Have I mentioned I feel a little sorry for Joker Phillips?
Decked out in a gray suit, black shirt and white tie, Randall Cobb stood in a room inside Commonwealth Stadium on Thursday and, his voice cracking repeatedly with emotion, made the announcement The Long-Suffering Kentucky Football Fan dreaded.
"I had to make the best decision for me, and I felt it was my time to go and pursue my dream to play in the NFL," UK's junior wide receiver said.
In that instant, Phillips' job in elevating Kentucky football — or preventing a major step backward next year — got a lot more challenging.
For Cobb, Kentucky football's Mr. Everything, leaving early for the play-for-pay appears to be a rock-solid business decision. The evaluation he got back from the NFL suggested he was likely to be a third-round draft pick, he said.
"That could mean anything from second round, hopefully, to fourth," Cobb said.
A smallish playmaker such as the 5-foot-11, 186-pound Cobb figures capable of absorbing a limited amount of physical punishment over the course of a football career. With the likelihood he will be a relatively high NFL Draft pick, Cobb is wise to start getting paid for taking those hits as soon as possible.
Other than possibly Tim Couch, no football player in my memory (which starts with UK's first season in Commonwealth Stadium in 1973) has meant as much to the Kentucky program as the guy who came north from Alcoa, Tenn., after the near-by Tennessee Volunteers were tardy in recruiting him.
In only three years, Cobb scored more touchdowns (37) than anyone ever to play for UK. Even more, he had a knack for coming up big on big stages. Five times, Cobb scored the winning TD for Kentucky in the fourth quarter of games.
Which is your favorite? The Mike Hartline pass that Cobb caught to beat Arkansas (and Bobby Petrino) in 2008 while wearing the No. 12 jersey of injured teammate Dicky Lyons Jr.? Was it the acrobatic Cobb catch in the corner of the end zone that beat Louisville in 2009? Or the Cobb TD reception that ended UK's oh-for-all-Spurrier streak this past season against South Carolina?
That doesn't even take into account Cobb's game-winning TD runs in rare Kentucky road wins at Auburn and Georgia in 2009.
"From the first day he walked into the meeting room, the meeting room lit up," Phillips said of Cobb. "He had a presence. He commanded everybody's respect and everybody's attention and demanded they play the way he played. That's what we'll miss the most."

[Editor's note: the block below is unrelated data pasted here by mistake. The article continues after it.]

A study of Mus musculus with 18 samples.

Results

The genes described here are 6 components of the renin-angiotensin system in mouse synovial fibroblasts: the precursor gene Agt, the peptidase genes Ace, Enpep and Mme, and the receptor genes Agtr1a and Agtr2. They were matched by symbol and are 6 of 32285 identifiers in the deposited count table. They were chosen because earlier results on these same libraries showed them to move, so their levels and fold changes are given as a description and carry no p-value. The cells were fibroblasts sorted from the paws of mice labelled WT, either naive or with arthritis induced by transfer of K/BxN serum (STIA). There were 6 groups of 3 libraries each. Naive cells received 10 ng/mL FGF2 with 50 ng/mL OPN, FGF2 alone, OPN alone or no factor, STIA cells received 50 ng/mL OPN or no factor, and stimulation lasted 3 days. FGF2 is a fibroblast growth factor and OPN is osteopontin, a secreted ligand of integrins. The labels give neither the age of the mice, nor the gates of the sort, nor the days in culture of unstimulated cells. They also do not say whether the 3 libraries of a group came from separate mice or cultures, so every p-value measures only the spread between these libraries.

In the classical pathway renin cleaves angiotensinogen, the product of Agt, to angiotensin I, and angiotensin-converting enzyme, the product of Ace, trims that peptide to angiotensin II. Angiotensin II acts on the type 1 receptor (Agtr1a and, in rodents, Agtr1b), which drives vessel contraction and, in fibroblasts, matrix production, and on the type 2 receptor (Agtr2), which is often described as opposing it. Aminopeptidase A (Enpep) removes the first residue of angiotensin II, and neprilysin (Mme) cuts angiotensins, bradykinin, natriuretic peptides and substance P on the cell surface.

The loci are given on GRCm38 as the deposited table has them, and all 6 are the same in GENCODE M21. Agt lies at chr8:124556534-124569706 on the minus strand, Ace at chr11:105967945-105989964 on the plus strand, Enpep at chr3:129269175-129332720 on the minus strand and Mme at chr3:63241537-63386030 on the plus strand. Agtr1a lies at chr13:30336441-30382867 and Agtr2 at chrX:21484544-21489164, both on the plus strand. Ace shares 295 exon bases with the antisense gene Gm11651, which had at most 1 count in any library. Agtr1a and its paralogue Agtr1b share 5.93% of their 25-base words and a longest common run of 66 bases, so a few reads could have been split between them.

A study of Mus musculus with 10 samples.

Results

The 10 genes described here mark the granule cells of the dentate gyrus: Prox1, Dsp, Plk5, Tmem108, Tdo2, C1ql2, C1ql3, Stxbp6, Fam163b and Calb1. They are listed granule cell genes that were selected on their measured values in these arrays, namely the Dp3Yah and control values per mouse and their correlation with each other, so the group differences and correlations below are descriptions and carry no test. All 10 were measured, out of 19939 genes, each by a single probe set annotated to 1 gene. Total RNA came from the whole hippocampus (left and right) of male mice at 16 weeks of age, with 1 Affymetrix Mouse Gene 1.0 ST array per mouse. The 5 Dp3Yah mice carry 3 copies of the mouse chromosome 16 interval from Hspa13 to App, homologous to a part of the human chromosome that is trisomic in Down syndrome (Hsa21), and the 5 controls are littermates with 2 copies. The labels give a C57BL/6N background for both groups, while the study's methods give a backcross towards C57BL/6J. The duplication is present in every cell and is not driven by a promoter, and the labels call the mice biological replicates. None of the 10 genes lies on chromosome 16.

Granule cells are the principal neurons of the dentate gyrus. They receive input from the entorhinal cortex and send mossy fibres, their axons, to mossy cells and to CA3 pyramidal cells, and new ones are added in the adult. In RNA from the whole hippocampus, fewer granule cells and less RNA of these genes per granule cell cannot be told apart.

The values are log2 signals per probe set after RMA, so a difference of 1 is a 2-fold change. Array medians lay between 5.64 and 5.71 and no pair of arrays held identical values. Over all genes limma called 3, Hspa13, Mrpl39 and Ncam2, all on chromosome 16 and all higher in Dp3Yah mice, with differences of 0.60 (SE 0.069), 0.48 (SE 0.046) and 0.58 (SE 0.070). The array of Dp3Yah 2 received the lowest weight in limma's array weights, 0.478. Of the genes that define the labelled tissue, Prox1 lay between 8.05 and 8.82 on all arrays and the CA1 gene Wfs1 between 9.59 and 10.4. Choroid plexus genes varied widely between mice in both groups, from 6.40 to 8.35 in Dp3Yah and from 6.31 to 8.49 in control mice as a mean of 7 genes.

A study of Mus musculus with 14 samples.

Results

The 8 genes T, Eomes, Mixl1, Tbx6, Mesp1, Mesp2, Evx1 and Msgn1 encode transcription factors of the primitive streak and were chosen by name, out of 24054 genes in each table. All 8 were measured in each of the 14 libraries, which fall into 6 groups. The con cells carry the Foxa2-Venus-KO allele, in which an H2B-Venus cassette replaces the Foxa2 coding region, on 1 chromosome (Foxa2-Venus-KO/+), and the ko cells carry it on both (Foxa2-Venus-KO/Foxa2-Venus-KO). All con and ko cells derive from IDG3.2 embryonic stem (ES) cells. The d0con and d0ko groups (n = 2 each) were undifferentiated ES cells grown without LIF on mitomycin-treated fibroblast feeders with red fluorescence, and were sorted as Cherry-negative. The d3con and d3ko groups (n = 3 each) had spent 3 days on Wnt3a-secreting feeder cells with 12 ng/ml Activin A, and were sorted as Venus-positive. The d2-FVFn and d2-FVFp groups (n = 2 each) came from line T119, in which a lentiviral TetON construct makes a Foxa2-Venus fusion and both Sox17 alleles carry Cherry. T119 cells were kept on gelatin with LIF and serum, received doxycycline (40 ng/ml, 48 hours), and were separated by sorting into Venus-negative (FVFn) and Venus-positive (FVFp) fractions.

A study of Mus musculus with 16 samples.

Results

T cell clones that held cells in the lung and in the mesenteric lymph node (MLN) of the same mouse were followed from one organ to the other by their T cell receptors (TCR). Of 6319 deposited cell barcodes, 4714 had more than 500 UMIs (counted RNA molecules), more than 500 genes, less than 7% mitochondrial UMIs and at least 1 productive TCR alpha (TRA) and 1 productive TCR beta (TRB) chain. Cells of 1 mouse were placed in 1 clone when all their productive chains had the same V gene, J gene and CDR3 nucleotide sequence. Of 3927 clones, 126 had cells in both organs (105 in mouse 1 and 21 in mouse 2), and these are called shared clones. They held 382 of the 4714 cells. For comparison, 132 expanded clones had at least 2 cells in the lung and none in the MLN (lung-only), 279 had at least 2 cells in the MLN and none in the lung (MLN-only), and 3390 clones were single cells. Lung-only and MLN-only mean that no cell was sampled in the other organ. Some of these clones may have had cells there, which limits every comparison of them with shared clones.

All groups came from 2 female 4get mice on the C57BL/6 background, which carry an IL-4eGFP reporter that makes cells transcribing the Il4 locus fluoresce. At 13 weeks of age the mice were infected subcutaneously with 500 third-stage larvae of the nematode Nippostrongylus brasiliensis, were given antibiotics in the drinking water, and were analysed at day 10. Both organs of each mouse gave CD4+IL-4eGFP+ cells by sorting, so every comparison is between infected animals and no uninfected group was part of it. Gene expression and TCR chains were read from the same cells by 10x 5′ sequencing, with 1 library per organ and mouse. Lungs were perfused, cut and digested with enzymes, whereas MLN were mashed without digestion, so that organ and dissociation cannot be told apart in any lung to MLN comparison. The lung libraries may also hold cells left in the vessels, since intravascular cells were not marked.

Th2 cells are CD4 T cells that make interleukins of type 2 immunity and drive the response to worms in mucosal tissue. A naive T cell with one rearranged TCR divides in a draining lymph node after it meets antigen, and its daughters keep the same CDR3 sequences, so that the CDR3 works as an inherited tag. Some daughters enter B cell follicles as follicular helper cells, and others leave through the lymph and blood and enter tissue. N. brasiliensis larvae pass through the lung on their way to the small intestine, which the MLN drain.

Other than "Twitter-gate," when a frustrated Cobb tweeted his dissatisfaction with elements of Kentucky's fan base after last fall's upset of South Carolina, the wide receiver has been the unfailingly classy public face of the Wildcats program for the last three years.
Now Phillips has to replace all that.
Cobb's decision to leave comes during a rough patch for UK football and its head coach.
In a week's time, there has been the dispiriting bowl loss to Pittsburgh that featured a puzzling Kentucky offensive game plan. There has been prized Indianapolis offensive line recruit Nick Martin, whose father, Keith, played at UK with Phillips, reneging on his commitment to the Cats in favor of Notre Dame.
Now No. 18 is gone, too.
Phillips put the best possible spin on things Thursday.
"This speaks volumes to me about where our program has come," Phillips said of Cobb's early draft entry. "We're now having guys who can consider coming out early, and it hasn't (always) been that way."
Noting that Cobb will join in the NFL other ex-Cats such as Wesley Woodyard, Jacob Tamme, Trevard Lindley and Jeremy Jarmon who were undervalued as recruits, Phillips said Kentucky will pitch that record of developing pros to high school players.
"Anyone can see four- and five-star (high school recruits) that people think are great players," Phillips said. "Randall Cobb was a great player, and we saw it in a guy who wasn't heavily recruited and developed him."
Going forward, the Kentucky coach says, he thinks a number of returning Cats are capable of doing some of the things Cobb did. "But it's a lot of pressure to put on somebody to ask them to do the things we asked Randall to do," he said.
In my first-hand recollection of Kentucky football, no player has been able to do all the things Randall Cobb did.
Which is why Joker's job — a hard one in the best of times — is a whole lot tougher now.